Public opinion is the single most powerful and influential factor in determining whether or not any business or organisation will succeed.
In today’s market, having a good public reputation is more important than ever before. If you have one negative incident, it could affect the future of your company. According to the Public Relations Society of America, or PRSA, Public Relations is defined as a strategic communications process that builds mutually beneficial relationships between organizations and their publics. The goal of Public Relations is to receive free editorial coverage. This can happen in two ways: press releases and company mentions. How can you get your company featured in the New York Times? How do you deal with bad press? We’re going to talk through those scenarios throughout this series. In this first course, we’ll discuss the basics of public relations and the common terminology that you’ll want to become familiar with.
A press release is the quickest, easiest, and most cost effective way to get free publicity. If the press release is well written, it can result in multiple published articles about your company and your products. In this program, we are going to talk about writing press releases, what it takes to write a good one, and the steps you need to take. But also, just as important as writing a press release, we’re going to talk about how to send them. If your writing isn’t getting in front of anybody, what’s the point in writing it?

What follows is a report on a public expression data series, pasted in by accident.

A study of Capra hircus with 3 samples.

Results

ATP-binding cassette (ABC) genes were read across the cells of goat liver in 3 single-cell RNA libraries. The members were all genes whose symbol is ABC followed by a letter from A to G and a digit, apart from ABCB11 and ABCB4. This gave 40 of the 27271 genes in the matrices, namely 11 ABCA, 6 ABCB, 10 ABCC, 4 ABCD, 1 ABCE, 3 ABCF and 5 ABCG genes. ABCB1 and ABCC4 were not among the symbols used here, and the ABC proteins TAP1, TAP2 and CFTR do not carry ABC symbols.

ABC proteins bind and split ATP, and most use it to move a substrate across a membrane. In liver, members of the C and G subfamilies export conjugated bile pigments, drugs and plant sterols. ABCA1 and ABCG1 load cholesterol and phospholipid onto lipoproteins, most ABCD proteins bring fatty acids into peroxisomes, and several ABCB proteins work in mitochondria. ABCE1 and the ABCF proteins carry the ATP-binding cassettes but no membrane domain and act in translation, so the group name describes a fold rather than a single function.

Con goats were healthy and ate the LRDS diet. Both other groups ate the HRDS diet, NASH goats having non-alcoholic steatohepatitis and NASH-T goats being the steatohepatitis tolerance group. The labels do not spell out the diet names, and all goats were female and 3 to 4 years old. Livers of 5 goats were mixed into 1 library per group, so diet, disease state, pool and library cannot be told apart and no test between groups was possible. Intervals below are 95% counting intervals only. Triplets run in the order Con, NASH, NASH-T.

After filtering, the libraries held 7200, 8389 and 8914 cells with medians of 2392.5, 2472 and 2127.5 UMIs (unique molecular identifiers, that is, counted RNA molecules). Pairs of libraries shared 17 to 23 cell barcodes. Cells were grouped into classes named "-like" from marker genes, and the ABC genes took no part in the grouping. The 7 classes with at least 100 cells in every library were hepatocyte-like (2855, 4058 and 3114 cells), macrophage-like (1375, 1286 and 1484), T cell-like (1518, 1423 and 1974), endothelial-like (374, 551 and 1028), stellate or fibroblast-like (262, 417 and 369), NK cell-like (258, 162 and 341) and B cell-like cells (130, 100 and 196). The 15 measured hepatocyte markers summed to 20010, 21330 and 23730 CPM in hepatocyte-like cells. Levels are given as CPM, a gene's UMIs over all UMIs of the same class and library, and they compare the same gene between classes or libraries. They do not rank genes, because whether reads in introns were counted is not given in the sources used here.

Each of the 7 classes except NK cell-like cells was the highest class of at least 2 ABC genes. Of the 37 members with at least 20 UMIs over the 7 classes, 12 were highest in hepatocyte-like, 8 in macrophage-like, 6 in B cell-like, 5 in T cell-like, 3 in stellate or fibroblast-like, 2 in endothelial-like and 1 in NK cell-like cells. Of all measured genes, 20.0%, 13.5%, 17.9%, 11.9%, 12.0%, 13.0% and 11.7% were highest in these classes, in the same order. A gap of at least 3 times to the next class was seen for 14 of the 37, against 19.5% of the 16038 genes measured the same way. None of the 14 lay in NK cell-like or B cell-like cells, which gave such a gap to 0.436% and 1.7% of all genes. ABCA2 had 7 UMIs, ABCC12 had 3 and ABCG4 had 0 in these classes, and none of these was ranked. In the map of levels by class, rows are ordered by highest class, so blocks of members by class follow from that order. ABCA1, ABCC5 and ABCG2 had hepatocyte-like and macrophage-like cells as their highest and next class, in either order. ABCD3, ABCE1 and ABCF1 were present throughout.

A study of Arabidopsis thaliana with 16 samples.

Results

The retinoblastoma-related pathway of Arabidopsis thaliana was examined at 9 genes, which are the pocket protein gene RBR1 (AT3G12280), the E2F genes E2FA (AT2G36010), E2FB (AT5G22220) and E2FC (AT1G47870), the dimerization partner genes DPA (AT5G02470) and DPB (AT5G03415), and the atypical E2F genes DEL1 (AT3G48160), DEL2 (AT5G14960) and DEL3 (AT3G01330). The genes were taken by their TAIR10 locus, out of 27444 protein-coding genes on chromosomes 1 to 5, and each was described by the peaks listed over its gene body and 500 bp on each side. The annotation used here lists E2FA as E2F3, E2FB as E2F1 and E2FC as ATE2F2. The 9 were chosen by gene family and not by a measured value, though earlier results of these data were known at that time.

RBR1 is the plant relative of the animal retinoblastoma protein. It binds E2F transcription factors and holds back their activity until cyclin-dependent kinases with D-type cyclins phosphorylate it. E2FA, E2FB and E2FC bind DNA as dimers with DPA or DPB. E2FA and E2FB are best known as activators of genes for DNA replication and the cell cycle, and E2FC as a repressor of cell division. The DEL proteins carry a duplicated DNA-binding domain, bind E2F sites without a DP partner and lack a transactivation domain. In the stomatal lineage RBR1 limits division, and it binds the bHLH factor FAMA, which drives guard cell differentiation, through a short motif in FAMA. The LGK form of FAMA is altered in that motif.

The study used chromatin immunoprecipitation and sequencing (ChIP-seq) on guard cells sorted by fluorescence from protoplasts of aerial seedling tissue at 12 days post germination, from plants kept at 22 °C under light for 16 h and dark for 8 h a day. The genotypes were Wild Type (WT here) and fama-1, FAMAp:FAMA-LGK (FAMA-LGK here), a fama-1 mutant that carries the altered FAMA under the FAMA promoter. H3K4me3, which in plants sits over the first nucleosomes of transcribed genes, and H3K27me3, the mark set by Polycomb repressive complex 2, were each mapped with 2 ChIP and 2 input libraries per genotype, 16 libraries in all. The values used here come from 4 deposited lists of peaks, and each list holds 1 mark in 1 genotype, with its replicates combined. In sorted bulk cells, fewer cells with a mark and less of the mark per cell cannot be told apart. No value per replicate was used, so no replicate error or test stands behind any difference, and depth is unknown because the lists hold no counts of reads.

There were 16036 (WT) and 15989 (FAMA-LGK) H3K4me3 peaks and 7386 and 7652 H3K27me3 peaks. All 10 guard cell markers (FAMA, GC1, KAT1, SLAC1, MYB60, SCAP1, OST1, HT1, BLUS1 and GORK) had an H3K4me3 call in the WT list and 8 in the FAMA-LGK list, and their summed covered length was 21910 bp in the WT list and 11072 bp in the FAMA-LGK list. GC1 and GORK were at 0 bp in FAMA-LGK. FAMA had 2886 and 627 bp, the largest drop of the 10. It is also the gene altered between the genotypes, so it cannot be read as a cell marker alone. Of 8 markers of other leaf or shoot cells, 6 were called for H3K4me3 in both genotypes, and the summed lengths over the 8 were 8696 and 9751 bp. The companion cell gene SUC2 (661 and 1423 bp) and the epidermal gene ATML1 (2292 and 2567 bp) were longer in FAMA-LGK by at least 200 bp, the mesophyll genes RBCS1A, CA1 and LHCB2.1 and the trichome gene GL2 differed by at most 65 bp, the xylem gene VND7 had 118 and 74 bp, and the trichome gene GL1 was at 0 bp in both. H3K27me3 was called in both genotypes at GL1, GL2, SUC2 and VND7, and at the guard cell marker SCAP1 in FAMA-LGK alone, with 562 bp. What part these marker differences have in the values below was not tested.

As a Public Relations professional, you are going to have to deal with the media in a lot of ways. You’re going to see the good, the bad, and the ugly. In the last program, we talked about writing press releases and sending those releases out into the media. But in this program, we are going to dig a little deeper and talk about how to contact reporters, besides just sending them an email, how to introduce yourself, and how to meet them in person.
You’ve heard the saying, “There’s no such thing as bad press.” That’s only true to an extent. You will have to deal with negative stories and bad press, but how you overcome these can make or break a company. As a public relations professional, it’s your job to handle disasters. No two situations are the same, but in this course, we’ll talk about some tips for handling a PR nightmare. We’ll discuss getting in front of the story, controlling the “spin,” shortening the news cycle, and when it’s best to take no action.
It’s never too early to be planning and preparing your team for your PR strategy. Public Relations is constantly changing. There are content marketing trends and innovative social media tools that change how we approach media and public relations. In this course, we’ll take you through a breakdown of some Public Relations trends that you can expect to see. This includes going beyond executives for personal branding and thought leadership, owning your digital landscape, bringing in specialty firms for support, the “new” press release, and the importance of using video.